Published on and the Epoch Times on June 13, 2014

Q & A 1. 2. 3. 4.

Q&A 1.

Can a Person Who Was Deported for Burglary Come Back to the U.S.?

My ex was deported 10 years ago. He was arrested for burglary I believe. We have 3 children together. He recently found me on facebook and messaged me to tell me he was coming back this year. I didn't think he could because he was deported for a crime. Will the U.S. really let him back in? I don't want him here.

Mr. Lee answers:

Someone who has been deported must remain outside the US for 10 years unless he or she is able to obtain advance permission to return to the US. Following the 10 years, his or her admissibility is determined according to the law and the discretion of consular and immigration officers. With reference to the burglary arrest, an initial question might be whether there was actually a conviction.  If there was not, he is not inadmissible. If he was convicted, he would likely be inadmissible as having committed a crime involving moral turpitude although there have been instances where breaking and entering and burglary in a lesser degree have not been seen as such crimes. Nevertheless US immigration laws also provide for a possible nonimmigrant waiver of a crime involving moral turpitude with consular officers and later immigration officers taking into account the nature and date of the offense, possible rehabilitation and the necessity for or urgency of an applicant’s proposed trip to the United States. There is also the possibility that your ex-husband may be coming back illegally. 

Q&A 2.

I Got a DUI

I got a dui in July of 2013 and my license were suspended but had driving privileges for work. I will be married to my citizen of American wife 3 years this March. Will that cause me problems to get my permanent visa?

Mr. Lee answers:

Although the immigration laws are becoming more strict where DUIs are concerned, one DUI and a license suspension would generally not be enough to derail an immigration case based on marriage to a US citizen as long as the relationship is bona fide.

Q&A 3.

How Can You Switch a J-1 Visa to a More Permanent Visa?

My boyfriend is coming over to the states on a J-1 Visa. If the company wanted to keep him past the time of the J-1 visa would that be possible? If we were to get married would he be able to switch his visa to a green card? Additionally, if he were to finish out the time with the J-1 visa, go back to his country and then want to apply for a green card would that be possible?

Mr. Lee answers:

The first question with every J-1 visa is whether there is a two-year home residence requirement attached to having received it. Many J-1 holders are obligated to return to their home countries for two years following the time that they are in the country on a J-1 visa. Obligations can come about if individuals are on their country's skills list (a list of skills that the country wants back), have taken funds from the home government or an international organization, or are medical trainees. If not, a company may be able to keep your boyfriend past the time of his J-1 visa if he has a baccalaureate or higher degree and the company is able to sponsor him for a working visa such as the H-1B for persons in a specialized occupation. If not subject to the residence requirement, he would be able to switch his J-1 to permanent residence through marriage to a U. S. citizen so long as the marriage was bona fide and there are no disqualifying bars to his immigration. Finally if he returns home after his J-1 period, he could possibly apply for a green card so long as he is not subject to the two-year foreign residence requirement, fulfilled it or had it waived and assuming that he has the basis by which he is able to qualify.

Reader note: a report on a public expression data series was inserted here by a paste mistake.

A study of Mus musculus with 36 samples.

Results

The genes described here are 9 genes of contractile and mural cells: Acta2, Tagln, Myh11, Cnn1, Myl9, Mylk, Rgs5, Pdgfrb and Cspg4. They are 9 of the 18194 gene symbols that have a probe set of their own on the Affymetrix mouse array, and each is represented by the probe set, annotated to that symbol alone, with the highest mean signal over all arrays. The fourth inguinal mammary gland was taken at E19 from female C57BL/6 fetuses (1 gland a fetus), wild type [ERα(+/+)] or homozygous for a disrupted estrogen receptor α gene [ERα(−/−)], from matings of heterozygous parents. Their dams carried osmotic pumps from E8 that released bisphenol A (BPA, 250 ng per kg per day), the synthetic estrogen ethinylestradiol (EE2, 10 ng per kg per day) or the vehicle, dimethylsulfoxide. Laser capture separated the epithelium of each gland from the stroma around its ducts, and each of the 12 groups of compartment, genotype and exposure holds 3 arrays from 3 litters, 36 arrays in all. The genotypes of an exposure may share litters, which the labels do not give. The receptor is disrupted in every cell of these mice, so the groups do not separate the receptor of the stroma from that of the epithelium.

Q&A 4.

I Need Help and Iím From NJ

The police are looking for my wife right now because she fought with her friend on New Year.  She left house because we don't have money to pay for her lawyer and for police department.  She signed on my removal conditional application for my green card and I apply for it last few weeks.  Today I just receive the receipt for my application to remove conditional on my 2-year green card.  We have 1 - joint bank account 2 -joint apartment lease 3- we file joint tax together 4- a lot of electricity and internet bill 5 - joint home insurance 5- a lot of Amazon invoices.  We live in NJ for 3 years together.  My questions are: Is my wife’s situation affects my removal conditional of green card?  And what should I do if they ask for interview?  What if my wife doesn't show up because her situation?

Mr. Lee answers:

The I-751 application to remove the conditional basis of residence status looks to see whether the relationship was bona fide at its inception as seen through the prism of the two-year period of conditional residence. As your wife already signed the petition and you submitted it with your evidence, you will at the stage wait for further action on the part of U.S.C.I.S. It may approve the petition without more. If it requires an interview, you should of course attempt to locate your wife and have her accompany you to the interview. If not, you should attend the interview anyway and explain your situation to the U.S.C.I S. examiner. Perhaps he or she will be sympathetic to your situation if he or she is convinced that you have had a bona fide relationship.



Copyright © 2003-2014 Alan Lee, Esq.
The information provided here is of a general nature and may not apply to any particular set of facts or circumstances. It should not be construed as legal advice and does not constitute an engagement of the Law Office of Alan Lee or establish an attorney-client relationship.